Anterior Cervical Fusion, a common surgical front neck procedure, is implemented to do one or more of the following: 

  1. Relieve pressure on spine nerves
  2. Treat chronic neck pain or degenerative neck pain
  3. Stop motion between two or more vertebrae

A surgeon implements an anterior cervical fusion by making an incision in the neck to accomplish the following:

  • To remove pressure from nerve roots or the spinal cord caused by bone spurs or a herniated disc
  • To stop the motion between two or more vertebrae

Removing pressure from the nerve roots or spinal cord can ease arm pain. Problems from pressure on the nerves, such as numbness or weakness in the arm or difficulty walking, may also improve. The fusion of the problem vertebrae reduces mechanical pain caused by too much motion in the spinal segment



Anterior cervical discectomy is one of the most common surgical procedures for problems in the cervical spine. The term discectomy means to “remove the disc.” This procedure relieves pressure on a spinal nerve or the spinal cord caused by a herniated disc.

A discectomy occurs when the surgeon intends to fuse two or more bones of the neck together. This procedure of disc removal and fusion (described below) treats degenerative problems (called spondylosis) in the neck.

In the cervical spine, surgeons usually remove the disc from the front by an incision in the front of the neck beside the trachea (windpipe). With the muscles, arteries, and nerves protected, the surgeon uses an X-ray to identify the correct disc. Removal of the problem disc then occurs.  If any bone spurs are found sticking off the back of the vertebrae and your surgeon thinks they may also cause you pain, they may be removed.  We take great care to not damage the spinal cord and nerve roots.

Anterior Cervical Fusion

After removal of the disc between the vertebrae, the surgeon performs a cervical fusion. The area where the disc was removed is filled with a block of bone taken from the top rim of the pelvis. Autograft refers to the term for bone taken from one’s own body. However, the surgeon may obtain bone from a source other than your body, called an allograft. Placing a bone graft between two or more vertebrae causes the vertebrae to fuse.

Learn more about the use of bone grafts. 

The anterior cervical fusion may also spread the vertebrae apart a bit, trying to restore the space between them. This recreates the normal height of the disc space and to restore the normal inward curve of the neck (called lordosis). Increasing the distance between the vertebrae also widens the opening (foramina) where the nerves come out of the spine. Restoring the size of the foramina relieves pressure and irritation from bone spurs where the nerves pass through the foramina.

Most neck problems come from a degenerative, or aging, condition of the spine.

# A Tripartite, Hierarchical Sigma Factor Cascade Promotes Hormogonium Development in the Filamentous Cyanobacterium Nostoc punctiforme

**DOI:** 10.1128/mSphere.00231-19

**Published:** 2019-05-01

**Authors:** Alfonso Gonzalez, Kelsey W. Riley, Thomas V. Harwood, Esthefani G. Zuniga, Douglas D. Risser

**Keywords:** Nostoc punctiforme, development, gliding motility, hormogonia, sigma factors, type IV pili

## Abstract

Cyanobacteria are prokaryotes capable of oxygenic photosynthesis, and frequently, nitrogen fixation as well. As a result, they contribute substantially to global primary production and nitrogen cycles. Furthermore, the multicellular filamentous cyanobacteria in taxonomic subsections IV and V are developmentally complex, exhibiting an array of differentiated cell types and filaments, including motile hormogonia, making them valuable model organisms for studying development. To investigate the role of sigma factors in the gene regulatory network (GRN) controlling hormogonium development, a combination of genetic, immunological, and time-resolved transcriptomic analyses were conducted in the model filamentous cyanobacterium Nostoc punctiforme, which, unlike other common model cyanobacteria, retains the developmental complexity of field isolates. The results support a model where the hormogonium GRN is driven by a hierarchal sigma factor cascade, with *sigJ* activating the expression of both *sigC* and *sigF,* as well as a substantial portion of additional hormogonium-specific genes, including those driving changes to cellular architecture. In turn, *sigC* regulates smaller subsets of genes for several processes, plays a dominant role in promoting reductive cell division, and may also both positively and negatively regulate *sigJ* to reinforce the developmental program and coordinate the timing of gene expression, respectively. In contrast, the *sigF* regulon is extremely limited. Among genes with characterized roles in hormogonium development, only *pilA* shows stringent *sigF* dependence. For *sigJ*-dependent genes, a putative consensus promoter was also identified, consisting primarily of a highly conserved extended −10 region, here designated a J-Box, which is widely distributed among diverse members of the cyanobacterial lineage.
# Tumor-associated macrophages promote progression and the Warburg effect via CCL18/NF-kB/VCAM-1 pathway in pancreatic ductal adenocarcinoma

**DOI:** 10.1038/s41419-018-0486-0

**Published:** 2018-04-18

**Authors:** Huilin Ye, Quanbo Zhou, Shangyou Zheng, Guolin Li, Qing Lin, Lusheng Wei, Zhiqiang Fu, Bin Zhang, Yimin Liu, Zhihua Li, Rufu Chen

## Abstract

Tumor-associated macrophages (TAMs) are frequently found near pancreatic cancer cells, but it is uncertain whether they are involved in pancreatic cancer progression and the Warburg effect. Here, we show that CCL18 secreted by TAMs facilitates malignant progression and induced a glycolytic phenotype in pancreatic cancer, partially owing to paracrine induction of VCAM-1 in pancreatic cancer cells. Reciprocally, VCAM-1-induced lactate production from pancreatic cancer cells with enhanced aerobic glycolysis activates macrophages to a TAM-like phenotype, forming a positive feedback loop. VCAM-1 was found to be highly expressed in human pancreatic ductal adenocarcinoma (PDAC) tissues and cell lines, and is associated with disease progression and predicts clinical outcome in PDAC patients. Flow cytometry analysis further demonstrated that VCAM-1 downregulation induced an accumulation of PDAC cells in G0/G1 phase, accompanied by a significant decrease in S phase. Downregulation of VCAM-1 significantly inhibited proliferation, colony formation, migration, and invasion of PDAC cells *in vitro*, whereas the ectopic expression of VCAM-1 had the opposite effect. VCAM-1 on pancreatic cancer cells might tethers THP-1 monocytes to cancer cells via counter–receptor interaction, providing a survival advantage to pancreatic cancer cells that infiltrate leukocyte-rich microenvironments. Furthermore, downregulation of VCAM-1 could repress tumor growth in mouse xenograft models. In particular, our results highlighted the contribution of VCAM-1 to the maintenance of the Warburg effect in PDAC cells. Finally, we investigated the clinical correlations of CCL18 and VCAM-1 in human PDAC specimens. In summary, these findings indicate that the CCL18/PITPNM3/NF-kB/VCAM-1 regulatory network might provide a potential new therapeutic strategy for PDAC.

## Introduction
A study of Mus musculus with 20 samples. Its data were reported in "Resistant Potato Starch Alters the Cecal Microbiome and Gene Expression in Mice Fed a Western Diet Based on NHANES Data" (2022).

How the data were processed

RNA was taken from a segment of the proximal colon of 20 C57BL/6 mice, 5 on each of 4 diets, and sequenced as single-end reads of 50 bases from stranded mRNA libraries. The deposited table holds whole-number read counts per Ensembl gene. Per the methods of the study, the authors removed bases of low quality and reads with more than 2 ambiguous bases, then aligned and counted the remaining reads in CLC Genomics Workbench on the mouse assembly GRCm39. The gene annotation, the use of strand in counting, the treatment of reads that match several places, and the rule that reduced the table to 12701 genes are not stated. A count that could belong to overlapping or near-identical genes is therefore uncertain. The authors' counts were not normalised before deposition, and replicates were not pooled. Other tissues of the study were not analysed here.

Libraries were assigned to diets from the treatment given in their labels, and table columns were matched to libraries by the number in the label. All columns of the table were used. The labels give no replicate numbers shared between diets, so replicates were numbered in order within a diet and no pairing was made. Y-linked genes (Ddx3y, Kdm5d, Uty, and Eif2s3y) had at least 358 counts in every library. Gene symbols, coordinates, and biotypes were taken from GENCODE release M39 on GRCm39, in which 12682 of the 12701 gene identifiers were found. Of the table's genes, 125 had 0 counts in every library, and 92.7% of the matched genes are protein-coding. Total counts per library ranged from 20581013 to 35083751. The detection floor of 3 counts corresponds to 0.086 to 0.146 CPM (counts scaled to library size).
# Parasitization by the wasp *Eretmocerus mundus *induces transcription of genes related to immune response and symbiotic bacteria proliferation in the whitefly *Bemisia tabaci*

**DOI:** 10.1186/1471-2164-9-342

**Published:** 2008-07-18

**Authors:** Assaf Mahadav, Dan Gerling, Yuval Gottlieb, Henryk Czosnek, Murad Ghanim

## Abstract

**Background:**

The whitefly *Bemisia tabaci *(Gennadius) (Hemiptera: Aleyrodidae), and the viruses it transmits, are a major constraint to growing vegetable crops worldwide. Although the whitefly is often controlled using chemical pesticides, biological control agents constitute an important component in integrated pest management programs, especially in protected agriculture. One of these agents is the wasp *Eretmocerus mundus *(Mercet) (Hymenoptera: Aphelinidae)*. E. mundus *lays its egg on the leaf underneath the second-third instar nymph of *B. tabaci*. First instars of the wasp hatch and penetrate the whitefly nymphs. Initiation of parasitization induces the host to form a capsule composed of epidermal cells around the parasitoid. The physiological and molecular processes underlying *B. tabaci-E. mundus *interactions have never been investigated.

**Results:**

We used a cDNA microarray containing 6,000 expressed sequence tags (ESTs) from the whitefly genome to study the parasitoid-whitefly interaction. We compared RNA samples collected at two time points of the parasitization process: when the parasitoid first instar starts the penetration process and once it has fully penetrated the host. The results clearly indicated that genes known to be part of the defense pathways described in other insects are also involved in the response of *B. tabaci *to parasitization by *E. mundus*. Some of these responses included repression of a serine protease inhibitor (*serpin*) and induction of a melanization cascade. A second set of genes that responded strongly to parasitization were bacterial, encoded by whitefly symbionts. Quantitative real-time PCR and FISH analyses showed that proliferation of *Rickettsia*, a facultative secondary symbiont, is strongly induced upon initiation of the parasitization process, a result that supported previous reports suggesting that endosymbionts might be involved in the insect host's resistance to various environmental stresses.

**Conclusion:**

Degenerative disc disease and cervical spinal stenosis can lead to pressure on the spinal cord or nerve roots. Surgery from the front or the back will remove this pressure on the neck. Doctors use the anterior approach more often because the pressure usually occurs on the front portion of the nerves or spinal cord.

Anterior Interbody Fusion

When an interbody fusion takes place, removal of the disc between two vertebrae occurs and a bone graft takes its place. As the body heals, the graft fuses to the vertebrae above and below it. When more than one disc needs removal, surgeons use and insert larger bone grafts. Patients usually wear a brace after the surgery. The brace limits movement between the vertebrae, increasing the chances for a successful fusion.

Bone heals best without motion between the pieces trying to heal. The healing of a fusion acts in the same manner as a fractured bone or broken arm. However, the neck does not hold still, even with a brace worn around the outside of the neck. However, the less movement the better, and a brace definitely reduces movement and proper healing.  

Improvement in the success of fusion can occur by screwing metal (titanium) plates or rods to the front of the spine. This holds the vertebrae and graft rigidly in place while the fusion heals. These implants are referred to as instrumentation or internal fixation. Several different types of spinal implants may stabilize the neck and maximize the healing of the fusion. When doctors use this type of instrumentation, braces are used for shorter periods or not at all.  

Close-up X-Ray of a pain in the neck

Post surgery X-ray of an anterior
cervical fusion patient.

If you or a loved one suffers from spinal pain, you owe it to yourself to call Southwest Scoliosis and Spine Institute at 214-556-0555 to make an appointment.